Apple Pay will open up customer data to retailers. This will happen. It’s a matter of time. Look at the evolution of every major platform in recent memory. Facebook opened up its customer data to advertisers after getting scale. Google did the same with AdWords. Apple already did this by offering ads for apps in iOS8. The list goes on and on.
Once a platform is at scale, it can slowly evolve without triggering consumer apprehension about privacy. After consumers’ have adapted to using Apple Pay, they won’t care as much about whether or not Apple shares their information with retailers.
Still, many major retailers are complaining about accepting Apple Pay in their stores, including Wal-Mart, CVS, Rite Aid and Starbucks. The official reason is either 1) money or 2) information on customers.
In terms of money, Apple Pay is a wash compared to the current fees that retailers pay. A customer is considered to have purchased with “card present,” which receives the “lowest” fees from credit-card processing companies. However, merchants still bear the cost of upgrading to NFC-compatible card terminals, so there is a justifiable complaint here. One option would be for Apple to subsidize the installation of NFC hardware for merchants who sign up for Apple pay, as we suggest here.
In terms of customer information, retailers using Apple will receive a lot less information on their customers than many of them do today. This fact might seem at odds with what you’d expect from a digital payments company. However, from Apple’s perspective, it makes sense.
Put yourself in Apple’s shoes. You are about to launch a disruptive new way to purchase goods in stores. You are able to secure deals with banks and credit-card merchants to allow your payments platform to function in stores with NFC readers. You have integrated that technology into your new iPhones and are ready to go to market.
You’ve seen many consumer-facing platforms undergo huge scrutiny for privacy concerns. You don’t want that to happen to you at launch because the media will pick up the story and attack you. This will hurt consumer adoption. If you can get strong consumer adoption at launch, you have overcome the first hurdle of the chicken-and-egg problem.
But, guess what? Retailers shouldn’t worry. Here’s why.
Picture a world where Apple has strong consumer adoption and decent penetration in retail stores. Given that Apple Pay has already registered well over 1 million credit cards and found its way into 200,000 stores, this world isn’t too far off.
Apple Pay’s existing user base will give it a pretty robust payments network with a high volume of customers and merchants. Customers will already be accustomed to paying with Apple Pay (some will even be addicted to the convenience), and many merchants will have already upgraded to NFC-compatible equipment. The “sunk cost” for each of these groups – cognitive for consumers and financial for merchants – will be considerable at this point. At this point, the existing network will serve to continually attract more consumers, who can now use Apple Pay in most major stores.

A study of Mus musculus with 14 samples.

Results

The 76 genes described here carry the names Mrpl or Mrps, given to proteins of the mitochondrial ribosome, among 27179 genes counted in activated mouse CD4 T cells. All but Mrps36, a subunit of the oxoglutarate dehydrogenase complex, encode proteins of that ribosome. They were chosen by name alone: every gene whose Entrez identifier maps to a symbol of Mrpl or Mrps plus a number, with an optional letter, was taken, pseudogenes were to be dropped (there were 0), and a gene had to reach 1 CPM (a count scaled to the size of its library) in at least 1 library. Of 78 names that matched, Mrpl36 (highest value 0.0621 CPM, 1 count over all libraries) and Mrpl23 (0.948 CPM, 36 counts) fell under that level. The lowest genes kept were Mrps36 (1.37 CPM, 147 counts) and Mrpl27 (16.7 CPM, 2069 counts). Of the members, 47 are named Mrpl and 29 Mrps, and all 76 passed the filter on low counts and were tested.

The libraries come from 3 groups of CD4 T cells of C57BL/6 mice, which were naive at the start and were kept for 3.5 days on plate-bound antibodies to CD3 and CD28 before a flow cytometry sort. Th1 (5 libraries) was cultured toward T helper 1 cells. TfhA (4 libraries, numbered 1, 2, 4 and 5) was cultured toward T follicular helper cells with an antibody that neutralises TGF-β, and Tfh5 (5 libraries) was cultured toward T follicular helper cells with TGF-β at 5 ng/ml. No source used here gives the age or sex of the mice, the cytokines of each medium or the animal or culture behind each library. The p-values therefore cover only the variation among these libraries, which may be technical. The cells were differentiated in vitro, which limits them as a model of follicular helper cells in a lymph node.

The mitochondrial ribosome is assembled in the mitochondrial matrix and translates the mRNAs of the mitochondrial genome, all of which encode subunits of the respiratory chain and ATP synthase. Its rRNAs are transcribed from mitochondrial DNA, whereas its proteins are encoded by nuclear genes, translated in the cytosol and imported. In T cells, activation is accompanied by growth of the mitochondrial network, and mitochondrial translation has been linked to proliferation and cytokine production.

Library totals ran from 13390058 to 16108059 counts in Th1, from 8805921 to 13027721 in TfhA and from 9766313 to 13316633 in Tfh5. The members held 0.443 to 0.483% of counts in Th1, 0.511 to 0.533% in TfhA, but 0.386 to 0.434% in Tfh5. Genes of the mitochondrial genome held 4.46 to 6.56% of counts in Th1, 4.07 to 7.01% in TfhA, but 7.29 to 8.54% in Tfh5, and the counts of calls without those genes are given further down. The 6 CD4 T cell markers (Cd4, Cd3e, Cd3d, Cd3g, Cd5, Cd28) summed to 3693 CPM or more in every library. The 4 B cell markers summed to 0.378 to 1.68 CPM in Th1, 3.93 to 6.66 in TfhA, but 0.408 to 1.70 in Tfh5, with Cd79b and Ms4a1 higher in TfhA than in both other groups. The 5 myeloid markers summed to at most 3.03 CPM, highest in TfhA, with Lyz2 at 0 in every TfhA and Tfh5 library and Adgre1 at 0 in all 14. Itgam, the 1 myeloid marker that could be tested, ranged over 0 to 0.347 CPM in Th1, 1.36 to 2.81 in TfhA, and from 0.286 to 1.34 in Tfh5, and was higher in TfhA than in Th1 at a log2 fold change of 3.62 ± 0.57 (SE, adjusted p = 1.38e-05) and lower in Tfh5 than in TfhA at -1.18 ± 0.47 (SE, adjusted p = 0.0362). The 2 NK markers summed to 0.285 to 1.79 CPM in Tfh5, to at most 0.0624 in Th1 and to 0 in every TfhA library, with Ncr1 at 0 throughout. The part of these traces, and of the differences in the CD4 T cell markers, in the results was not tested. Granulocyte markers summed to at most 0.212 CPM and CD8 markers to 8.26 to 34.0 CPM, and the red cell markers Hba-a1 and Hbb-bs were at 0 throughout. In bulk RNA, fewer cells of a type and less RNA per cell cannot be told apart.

Apple will then move to ramping up the “supply” side of its payments platform by adding more stores. How will Apple do this? By starting to collect and open up more customer data to retailers. Some consumers will protest, but the uproar won’t be widespread.
Why not? Because Apple stuck to the cardinal rule for building a successful platform in a highly competitive industry: only try to change one behavior at a time. The concerns about privacy won’t be enough to sway most who have already made the effort of switching to Apple Pay.
Once Apple has gotten consumers to think of Apple Pay as a safe and reliable way to pay, it can then start to expand its platform in new directions.
As mentioned above, Facebook did the same thing. Meeting and talking with people online was once an unusual behavior. But Facebook took that behavior and made it mainstream. They did this by making it feel safe and familiar – note how seriously they took the requirement that you use your real name. They also capitalized on existing peer networks and tightly controlled access in the platform’s early days. Only after “Facebook” had grown popular enough to change from noun to verb (“Facebook me”) did the company open up its platform. Facebook started by allowing more people to join and then it started using your personal data to sell advertisements.
Apple Pay will take the same trajectory. Merchants shouldn’t worry. They should recognize the delicate balancing act Apple has to play in starting a payments platform, and be ready to capitalize when Apple Pay shifts to phase two. As for consumers, you should expect this change in the near future. But you shouldn’t worry. Apple Pay will still be more safe and secure than using your credit card, and we’ve done alright with those for a while now.